By the time all of the votes were tallied after the 2008 Democratic caucuses in Iowa, Barack Obama had scooped up more than a third of the support of women in the state — 35 percent — matching his support among men.
But women were 57 percent of the caucus-goers who turned out, according to exit polls, so the fact that he did so well with women was important. Hillary Clinton did far better with women than did John Edwards, getting 30 percent of their support to Edwards's 23, according to those surveys. But Obama's strength with that high-turnout group was important.
It's somewhat hard to believe that in six days, next Tuesday morning, we'll be sitting here analyzing what happened in Iowa this time around, poring over what information we have to figure out how the caucus shook out. For now, though, all we have are tea leaves generated by various polls. And according to the patterns in the Quinnipiac University poll of Iowans released Wednesday morning, the future is hard to predict.
We know that Bernie Sanders leads Clinton by four percentage points in this new poll — 49-45 — basically where he was when Quinnipiac surveyed earlier this month. Martin O'Malley gets 4 percent, which is actually important and which we'll come back to.
Let's focus for now on the demographic breakdowns of support, which are frankly pretty stunning. Sanders does much better among men and much better among younger voters. Clinton does better with the complementary groups.
We've added little lines showing where each candidate's overall support lies to illustrate how much these levels deviate by demographic. Men are 14 points more likely to back Sanders than voters overall! That's a huge split.
In the Washington Post-ABC News national Democratic poll released Wednesday, that split doesn't exist, at least not at that level. Which raises the question of why Iowa is so sharply divided. Is it a function of the months-long campaign? An exaggeration derived from the higher margins of error in the subgroup? It's hard to know.
When Quinnipiac surveyed earlier this month, they also found a huge split on favorability ratings by gender. When you look at net favorability — the number of people who view a candidate favorably minus the number that view him or her unfavorably — Clinton and Sanders are not far apart among women. Sanders has a net favorability of plus-81 with women; Clinton's is +69. Among men? Sanders is +88 and Clinton is +29 — a massive gap.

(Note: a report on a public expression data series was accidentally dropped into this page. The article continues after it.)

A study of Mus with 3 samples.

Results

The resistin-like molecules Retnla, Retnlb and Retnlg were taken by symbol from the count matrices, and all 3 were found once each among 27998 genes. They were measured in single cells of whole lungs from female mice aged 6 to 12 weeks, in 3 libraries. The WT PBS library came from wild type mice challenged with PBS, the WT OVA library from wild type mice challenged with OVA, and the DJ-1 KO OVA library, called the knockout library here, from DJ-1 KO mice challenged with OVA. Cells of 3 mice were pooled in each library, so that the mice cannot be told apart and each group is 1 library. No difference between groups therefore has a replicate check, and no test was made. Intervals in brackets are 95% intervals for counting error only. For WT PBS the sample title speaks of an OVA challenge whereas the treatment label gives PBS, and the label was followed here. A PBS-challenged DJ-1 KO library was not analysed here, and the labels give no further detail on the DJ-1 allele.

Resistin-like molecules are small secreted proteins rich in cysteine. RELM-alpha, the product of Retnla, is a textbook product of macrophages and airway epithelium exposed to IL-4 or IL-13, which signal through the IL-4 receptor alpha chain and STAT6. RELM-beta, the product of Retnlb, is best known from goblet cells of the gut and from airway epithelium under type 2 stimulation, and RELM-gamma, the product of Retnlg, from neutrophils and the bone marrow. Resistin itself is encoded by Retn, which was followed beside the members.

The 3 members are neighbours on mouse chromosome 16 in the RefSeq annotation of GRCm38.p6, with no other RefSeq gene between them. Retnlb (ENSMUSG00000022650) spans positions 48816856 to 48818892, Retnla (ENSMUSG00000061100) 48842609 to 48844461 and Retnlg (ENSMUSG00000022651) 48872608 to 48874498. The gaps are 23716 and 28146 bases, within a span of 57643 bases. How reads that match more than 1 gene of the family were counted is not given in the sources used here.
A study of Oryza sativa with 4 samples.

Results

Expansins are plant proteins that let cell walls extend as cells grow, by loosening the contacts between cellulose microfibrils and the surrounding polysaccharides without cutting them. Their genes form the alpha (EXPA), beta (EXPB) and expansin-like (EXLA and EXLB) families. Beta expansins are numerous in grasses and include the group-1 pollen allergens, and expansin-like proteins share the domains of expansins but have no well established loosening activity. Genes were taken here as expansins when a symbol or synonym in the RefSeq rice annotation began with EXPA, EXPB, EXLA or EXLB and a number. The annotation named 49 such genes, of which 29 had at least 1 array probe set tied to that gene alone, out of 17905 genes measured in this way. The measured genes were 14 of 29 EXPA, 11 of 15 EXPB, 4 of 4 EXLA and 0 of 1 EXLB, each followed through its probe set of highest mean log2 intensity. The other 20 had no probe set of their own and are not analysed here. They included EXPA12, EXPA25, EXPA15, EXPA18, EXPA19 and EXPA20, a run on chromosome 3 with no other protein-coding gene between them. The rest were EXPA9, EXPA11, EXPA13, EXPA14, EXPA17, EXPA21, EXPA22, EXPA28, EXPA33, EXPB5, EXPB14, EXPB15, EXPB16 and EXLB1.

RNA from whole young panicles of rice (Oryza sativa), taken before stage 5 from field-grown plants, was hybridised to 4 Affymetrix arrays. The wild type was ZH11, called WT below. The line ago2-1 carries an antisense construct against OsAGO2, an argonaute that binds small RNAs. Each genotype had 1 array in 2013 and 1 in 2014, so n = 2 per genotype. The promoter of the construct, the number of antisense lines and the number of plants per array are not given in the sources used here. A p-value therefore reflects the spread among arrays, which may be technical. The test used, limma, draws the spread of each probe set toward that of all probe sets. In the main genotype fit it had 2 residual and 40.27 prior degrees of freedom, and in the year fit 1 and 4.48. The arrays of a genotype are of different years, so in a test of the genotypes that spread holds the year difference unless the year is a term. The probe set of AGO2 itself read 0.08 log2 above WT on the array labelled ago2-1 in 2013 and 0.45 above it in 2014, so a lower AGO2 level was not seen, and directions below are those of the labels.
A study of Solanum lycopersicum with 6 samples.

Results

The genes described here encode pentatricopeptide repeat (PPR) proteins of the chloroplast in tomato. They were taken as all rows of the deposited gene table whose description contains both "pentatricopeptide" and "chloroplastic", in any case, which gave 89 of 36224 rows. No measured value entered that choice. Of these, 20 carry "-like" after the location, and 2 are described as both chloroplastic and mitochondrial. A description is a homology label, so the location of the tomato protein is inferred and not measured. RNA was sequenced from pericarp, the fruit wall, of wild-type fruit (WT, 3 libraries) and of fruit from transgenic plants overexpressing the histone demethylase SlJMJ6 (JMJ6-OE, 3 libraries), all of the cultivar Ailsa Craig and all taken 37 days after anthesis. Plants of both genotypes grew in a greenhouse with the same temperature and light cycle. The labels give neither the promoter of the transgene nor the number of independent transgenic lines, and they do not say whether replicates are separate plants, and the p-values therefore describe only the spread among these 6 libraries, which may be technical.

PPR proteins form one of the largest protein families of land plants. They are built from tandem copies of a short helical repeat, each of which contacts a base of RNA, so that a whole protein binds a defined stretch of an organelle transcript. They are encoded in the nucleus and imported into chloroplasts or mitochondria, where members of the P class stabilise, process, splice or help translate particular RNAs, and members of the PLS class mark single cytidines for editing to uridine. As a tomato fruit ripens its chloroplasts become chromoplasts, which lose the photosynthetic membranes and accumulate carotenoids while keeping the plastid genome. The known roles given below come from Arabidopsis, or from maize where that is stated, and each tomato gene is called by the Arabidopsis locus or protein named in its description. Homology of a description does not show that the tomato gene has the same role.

Remember what happened in 2008, though. In 2008, women turned out more heavily than men at the caucuses. If the split is similar this time around, and if the Democratic race continues to be close, that's not ideal for Sanders's campaign.
What's more, Sanders's support is far heavier among the third of poll respondents who've never been to a caucus before. Clinton leads among those who have attended at least one. And as we noted Tuesday, when commenting on how Donald Trump's support is also higher among first-time caucus-goers (though far less dramatically), voting tends to be habit-forming. People who haven't voted before are much less likely to vote than those who have.
Sanders appears to have an advantage Trump doesn't: A strong field campaign. Sanders's team appears by all measures to be better prepared to get people to caucus, even as weather forecasts suggest a worse day for it.
But still. In Iowa in 2008, men voted less. In most elections, young people vote less, too, since they often move around more (meaning their voter registrations are out of date) or work weird hours. And Sanders's support in this poll self-reports that they're going into this thing new. Lots of red flags.
Which brings us back to O'Malley. The way the caucus works for the Democrats in Iowa is that people come together and assign a certain number of delegates to a candidate. For places with multiple delegates that need to be assigned, a candidate must hit a certain level of support to be assigned one — at minimum, 15 percent. If that mark isn't hit, people who are caucusing for that candidate have to move to someone else.
So let's say that Sanders's turnout isn't as strong as Clinton's on Monday, thanks to the factors above. That would make the race closer than it seems based on the poll. In nearly every caucus location — or perhaps, every location according to Cook Political — O'Malley backers have to move to Sanders or Clinton. Where they go isn't clear; recent polling doesn't give a good picture.
Meaning that lots of things could happen Monday night across the state of Iowa to shift votes one way or the other and dramatically change the outcome of the race. It's too close to call and too messy to call and too weird to call.
But we should have a very interesting morning Tuesday.